Liquid erupted out of each of the fireboat Vigilance’s water cannons on Monday, Nov. 13, as it rotated smoothly in the ocean in display of its power and flexibility during the vessel’s official dedication event at the Port of Long Beach’s joint command and control center.
Fireboat 15 Vigilance now joins its counterpart and twin Fireboat 20 Protector, introduced last year, as a component of the Long Beach Fire Department’s (LBFD) security at the port.
Vigilance and Protector are designed for emergency response and firefighting to safeguard the port for the Big Ship Era, a term coined in response to the growing volume of cargo and size of vessels in the modern day.
“The Vigilance is an amazing addition to the port fleet, joining Protector to enable fire and security teams to provide the very best protective services for our customers and our community,” said Lou Anne Bynum, harbor commission president for the port, adding that, prior to the Protector, a new fireboat hadn’t been introduced since 1988. “In the years since, our trade volume has increased from 1.5 million TEU [twenty-foot equivalent unit] containers to today’s 7 million-plus containers. The size of vessels has grown from 4,500 TEUs to today’s mega ships of 18,000. To maintain our competitiveness, we are upgrading infrastructure and equipment to serve these giant ships.”
David Meistrell, LBFD paramedic onboard the Vigilance, told the Signal Tribune that the vessel is about “99.99-percent exact to the Protector,” barring some minor changes, such as improvements to piping to improve efficiency.
Both fireboats are equipped with 10 water cannons, capable of launching a mass capacity of 41,000 gallons per minute at a distance of up to 600 feet, which, according to a Port of Long Beach fact sheet provided at the event, is the equivalent length of two football fields.
The vessels also have two firefighting-foam cannons that can shoot 6,000 gallons per minute at a range of 500 feet.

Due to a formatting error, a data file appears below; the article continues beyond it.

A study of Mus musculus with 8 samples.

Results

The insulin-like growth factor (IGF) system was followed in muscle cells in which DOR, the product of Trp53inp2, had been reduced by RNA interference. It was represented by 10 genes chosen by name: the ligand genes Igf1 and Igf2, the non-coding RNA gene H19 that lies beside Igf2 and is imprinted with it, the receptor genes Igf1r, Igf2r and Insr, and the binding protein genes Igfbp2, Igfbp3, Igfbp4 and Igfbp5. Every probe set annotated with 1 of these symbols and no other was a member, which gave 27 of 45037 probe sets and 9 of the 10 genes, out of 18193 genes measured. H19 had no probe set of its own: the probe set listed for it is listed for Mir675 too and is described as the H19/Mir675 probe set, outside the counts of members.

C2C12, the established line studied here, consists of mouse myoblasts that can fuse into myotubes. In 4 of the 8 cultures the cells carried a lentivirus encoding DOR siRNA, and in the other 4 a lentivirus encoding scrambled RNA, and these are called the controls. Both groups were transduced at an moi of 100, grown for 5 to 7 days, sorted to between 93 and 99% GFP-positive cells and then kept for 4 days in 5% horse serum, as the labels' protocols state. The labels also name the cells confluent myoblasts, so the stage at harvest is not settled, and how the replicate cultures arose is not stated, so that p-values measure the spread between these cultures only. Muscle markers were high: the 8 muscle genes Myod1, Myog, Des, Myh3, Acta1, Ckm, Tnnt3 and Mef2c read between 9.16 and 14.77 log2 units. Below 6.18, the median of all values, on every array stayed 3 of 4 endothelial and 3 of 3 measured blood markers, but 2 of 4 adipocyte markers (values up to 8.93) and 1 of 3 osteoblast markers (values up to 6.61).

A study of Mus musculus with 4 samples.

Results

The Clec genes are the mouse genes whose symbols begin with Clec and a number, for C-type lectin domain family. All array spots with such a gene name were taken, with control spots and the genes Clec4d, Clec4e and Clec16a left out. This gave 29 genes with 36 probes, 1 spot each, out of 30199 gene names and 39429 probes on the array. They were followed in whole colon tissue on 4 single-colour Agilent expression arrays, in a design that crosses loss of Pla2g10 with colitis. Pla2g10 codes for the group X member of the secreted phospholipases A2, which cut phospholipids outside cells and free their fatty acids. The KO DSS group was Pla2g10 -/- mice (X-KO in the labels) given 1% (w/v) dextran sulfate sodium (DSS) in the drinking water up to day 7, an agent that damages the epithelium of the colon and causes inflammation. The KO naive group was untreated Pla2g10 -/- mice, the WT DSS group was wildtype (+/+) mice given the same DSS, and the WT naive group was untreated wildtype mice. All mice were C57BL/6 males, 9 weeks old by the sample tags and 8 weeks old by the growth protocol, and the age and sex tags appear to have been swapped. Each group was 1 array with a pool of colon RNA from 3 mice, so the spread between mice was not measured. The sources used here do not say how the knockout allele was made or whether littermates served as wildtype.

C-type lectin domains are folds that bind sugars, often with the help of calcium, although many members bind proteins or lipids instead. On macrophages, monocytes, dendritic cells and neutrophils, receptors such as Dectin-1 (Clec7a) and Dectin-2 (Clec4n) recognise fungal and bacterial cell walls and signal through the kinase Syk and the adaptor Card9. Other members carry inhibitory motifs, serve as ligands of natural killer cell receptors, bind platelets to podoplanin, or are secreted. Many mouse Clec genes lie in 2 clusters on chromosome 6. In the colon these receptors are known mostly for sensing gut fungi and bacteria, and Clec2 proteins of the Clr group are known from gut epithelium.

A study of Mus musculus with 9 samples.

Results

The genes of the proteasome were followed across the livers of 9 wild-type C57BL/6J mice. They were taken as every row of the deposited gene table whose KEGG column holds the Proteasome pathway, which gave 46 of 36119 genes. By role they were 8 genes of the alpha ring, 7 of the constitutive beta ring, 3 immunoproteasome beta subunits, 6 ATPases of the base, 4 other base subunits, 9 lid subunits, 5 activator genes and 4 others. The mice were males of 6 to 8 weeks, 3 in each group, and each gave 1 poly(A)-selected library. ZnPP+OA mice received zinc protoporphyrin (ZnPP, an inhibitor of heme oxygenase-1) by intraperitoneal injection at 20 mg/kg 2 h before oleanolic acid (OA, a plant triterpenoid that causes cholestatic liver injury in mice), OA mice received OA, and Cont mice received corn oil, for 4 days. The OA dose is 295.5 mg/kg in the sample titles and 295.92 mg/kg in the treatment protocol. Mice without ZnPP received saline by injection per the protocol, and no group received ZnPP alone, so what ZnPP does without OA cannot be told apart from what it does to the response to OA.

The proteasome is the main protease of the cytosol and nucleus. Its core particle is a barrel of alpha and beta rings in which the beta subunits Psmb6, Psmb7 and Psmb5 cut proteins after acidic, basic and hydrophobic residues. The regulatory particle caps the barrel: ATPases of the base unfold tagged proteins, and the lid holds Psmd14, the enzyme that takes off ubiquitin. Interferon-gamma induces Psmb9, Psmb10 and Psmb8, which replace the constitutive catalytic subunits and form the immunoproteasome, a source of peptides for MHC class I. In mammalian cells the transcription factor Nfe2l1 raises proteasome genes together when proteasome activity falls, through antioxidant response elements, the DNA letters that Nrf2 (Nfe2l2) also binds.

Together, the two fireboats cost a combined $51.6 million to build, according to the Port of Long Beach. The US Department of Homeland Security and Federal Emergency Management Agency (FEMA) provided a $18.5-million grant toward the cost.
At the event, Mario Cordero, executive director of the Port of Long Beach, recognized and congratulated the work of port and LBFD staff, naval architect of the project Robert Allan, Foss Maritime Company and construction manager Jensen Maritime Consultants.
“What you’re seeing today is the future of the green port– […] iconic fireboats, an iconic bridge, the most advanced marine terminal,” he said. “The Port of Long Beach is leading in all respects.”
Bynum said the ship is dedicated in the memory of former harbor commissioner John Kashiwabara, who served from July 23, 1996 to March 2, 2003. He died in early 2010. Members of Kashiwabara’s family were present at the event.
After World War II, Kashiwabara earned a medical degree and joined the US Air Force. He later opened his own medical practice in Long Beach. He was also a member of the Cal State Long Beach board of trustees and president of the governing board for the Long Beach Unified School District.
“Dr. John, as we knew him, was the first Japanese-American to serve on the board and helped port officials communicate more effectively with our transpacific partners,” she said. “Public service was his lifelong passion.”
Kashiwabara’s picture is displayed inside the fireboat’s command-and-communication center (CIC).
During a tour of the ship, Meistrell said the CIC is primarily used to coordinate strategies in the event of any emergency. It also assists in managing communication between the crew.
Vigilance is also equipped with chemical, biological, radiological and nuclear defense systems (CBRN), which allows the crew to perform a full filtration system for any kinds of toxins or radiological particles throughout the entire vessel.
Below the CIC are the galley and a multipurpose/EMS room. Both are stocked with resources, such as food and blankets and medical equipment.
“Our old fireboats were more response-oriented boats,” Meistrell said. “‘Hey, there’s a fire. Hey, there’s something.’ And we’d go out and respond. But, this is more two-fold. We’re going to be a type of mobile-command post for large incidents, as well as […] an insurance policy. […] We went from, yeah, we have firefighting capabilities to now we can do everything.”
At the ceremony, Mayor Robert Garcia called the Vigilance “quite the beast” and touted it as the best fireboat operating in the entire world.
“This boat will be able to provide the best public safety that we can ask for at the port and, really, throughout the region,” he said. “Ports are always vulnerable to issues of national security and homeland security and, so, for us to have this incredible resource here at the Port of Long Beach is really a point of pride for all of us.”